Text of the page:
Five apartment complexes in the West Sydney suburb of Rhodes have been inundated with trespassing complaints. The developments near Peg Paterson Park have seen crowds of over 1,000 people at night with some people jumping fences, leaving rubbish behind, causing property damage, and disturbing the peace while in search of Pokemon on their smart phones.
You may have seen them on the street, on the bus, public landmarks (Sydney Opera House), and all over social media. While Pokémon are turning up in some amusing places, they’re also starting to cause a nuisance near apartment blocks.
With the game’s popularity showing no signs of slowing, now is the time to verse yourself in the lingo, and understand how the game could affect your strata schemes. Here’s the rundown.
Pokéstops (invisible hotspots for Pokémon remember?) and Pokémon Gyms
Check if there are any on or around your property. You might need to download the game or ask someone who has it to check for you. They can appear just about anywhere, and you’ll need to plead your case to the developer Niantic, like the City of Canada Bay Council is doing, if you want them removed.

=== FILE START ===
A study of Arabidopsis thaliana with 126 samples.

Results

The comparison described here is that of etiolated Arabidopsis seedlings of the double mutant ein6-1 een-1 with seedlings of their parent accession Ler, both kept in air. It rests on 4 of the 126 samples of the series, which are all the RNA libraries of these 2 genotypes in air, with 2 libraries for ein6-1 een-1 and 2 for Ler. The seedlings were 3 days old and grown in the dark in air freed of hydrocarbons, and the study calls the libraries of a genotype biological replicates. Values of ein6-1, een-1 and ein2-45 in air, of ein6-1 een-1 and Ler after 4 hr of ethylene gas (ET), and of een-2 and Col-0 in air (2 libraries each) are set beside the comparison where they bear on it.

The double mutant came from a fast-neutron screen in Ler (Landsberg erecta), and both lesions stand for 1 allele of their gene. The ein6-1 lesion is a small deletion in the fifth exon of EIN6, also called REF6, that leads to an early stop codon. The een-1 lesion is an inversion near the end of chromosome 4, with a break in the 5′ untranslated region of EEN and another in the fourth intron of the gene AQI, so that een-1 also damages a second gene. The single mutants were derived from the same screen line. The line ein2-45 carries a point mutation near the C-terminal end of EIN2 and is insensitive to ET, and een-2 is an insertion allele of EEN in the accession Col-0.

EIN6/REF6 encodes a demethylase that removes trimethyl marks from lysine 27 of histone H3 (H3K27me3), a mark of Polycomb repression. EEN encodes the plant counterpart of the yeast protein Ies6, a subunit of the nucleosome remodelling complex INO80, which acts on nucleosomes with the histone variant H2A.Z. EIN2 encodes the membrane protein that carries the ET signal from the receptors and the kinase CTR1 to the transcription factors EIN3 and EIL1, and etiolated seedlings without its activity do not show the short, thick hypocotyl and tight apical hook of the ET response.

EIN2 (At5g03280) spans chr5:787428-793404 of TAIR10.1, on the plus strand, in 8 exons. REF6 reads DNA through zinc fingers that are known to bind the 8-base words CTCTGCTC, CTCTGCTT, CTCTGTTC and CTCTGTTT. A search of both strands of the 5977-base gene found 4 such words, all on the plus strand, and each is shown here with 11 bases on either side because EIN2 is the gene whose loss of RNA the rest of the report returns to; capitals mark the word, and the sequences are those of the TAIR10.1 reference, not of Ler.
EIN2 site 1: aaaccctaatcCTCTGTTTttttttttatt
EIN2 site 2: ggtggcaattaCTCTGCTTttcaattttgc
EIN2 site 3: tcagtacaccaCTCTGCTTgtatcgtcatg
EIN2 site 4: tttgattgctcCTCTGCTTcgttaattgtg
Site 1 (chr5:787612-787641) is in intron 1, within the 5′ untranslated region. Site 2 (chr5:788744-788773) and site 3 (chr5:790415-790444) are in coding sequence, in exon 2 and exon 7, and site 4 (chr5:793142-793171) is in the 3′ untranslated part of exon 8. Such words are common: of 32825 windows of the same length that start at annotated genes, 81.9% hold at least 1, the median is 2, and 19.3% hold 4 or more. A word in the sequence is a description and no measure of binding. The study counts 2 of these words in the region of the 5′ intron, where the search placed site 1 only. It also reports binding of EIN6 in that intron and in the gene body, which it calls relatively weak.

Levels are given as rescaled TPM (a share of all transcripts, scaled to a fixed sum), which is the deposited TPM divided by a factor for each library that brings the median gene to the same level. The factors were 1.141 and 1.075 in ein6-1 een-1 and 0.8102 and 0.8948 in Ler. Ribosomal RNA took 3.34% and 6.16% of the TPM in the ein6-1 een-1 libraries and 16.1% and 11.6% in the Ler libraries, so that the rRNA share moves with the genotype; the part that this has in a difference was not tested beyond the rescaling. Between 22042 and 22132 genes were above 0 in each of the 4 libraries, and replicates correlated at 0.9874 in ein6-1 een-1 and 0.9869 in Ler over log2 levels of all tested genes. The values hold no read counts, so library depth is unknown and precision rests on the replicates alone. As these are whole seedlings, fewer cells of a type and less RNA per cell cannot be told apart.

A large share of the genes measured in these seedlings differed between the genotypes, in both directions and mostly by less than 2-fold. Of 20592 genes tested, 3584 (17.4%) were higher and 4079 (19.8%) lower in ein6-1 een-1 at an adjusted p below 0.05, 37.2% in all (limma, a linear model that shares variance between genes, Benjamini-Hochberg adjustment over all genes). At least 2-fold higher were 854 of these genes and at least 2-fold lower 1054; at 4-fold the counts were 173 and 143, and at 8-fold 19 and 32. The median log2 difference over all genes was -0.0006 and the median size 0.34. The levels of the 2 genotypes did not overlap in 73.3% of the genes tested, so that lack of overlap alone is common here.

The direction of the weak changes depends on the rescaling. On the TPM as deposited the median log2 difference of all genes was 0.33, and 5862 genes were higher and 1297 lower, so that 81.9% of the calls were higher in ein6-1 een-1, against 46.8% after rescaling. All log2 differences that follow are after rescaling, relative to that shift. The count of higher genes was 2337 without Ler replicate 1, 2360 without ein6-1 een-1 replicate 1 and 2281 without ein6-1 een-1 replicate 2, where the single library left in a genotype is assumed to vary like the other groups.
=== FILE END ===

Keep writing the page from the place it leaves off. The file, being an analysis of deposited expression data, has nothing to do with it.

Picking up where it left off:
Players will have their eyes glued to their smart phones. If your building manager or residents are noticing an increase in strangers to the property, you might need to take some precautions. Although players’ safety might not seem like your problem, there are numerous stories of players injuring themselves, so putting up signage and installing sensor lights could be insurance against a potential negligence claim to the owner’s corporation.
If you find that you do have a lot of new people around the property, your owner's corporation might be concerned about potential privacy issues or trespassing. Pokémon GO utilises the camera on the player's smart phone, so when playing the game people might be taking photos of Pokémon, with someone's apartment unintentionally appearing in the background. Security cameras, or signage asking players to be respectful of residents' privacy could go a long way.
So what can you do about it? You could take the approach of one apartment dweller, and put out a note to Pokémon GO players asking them kindly, to move on.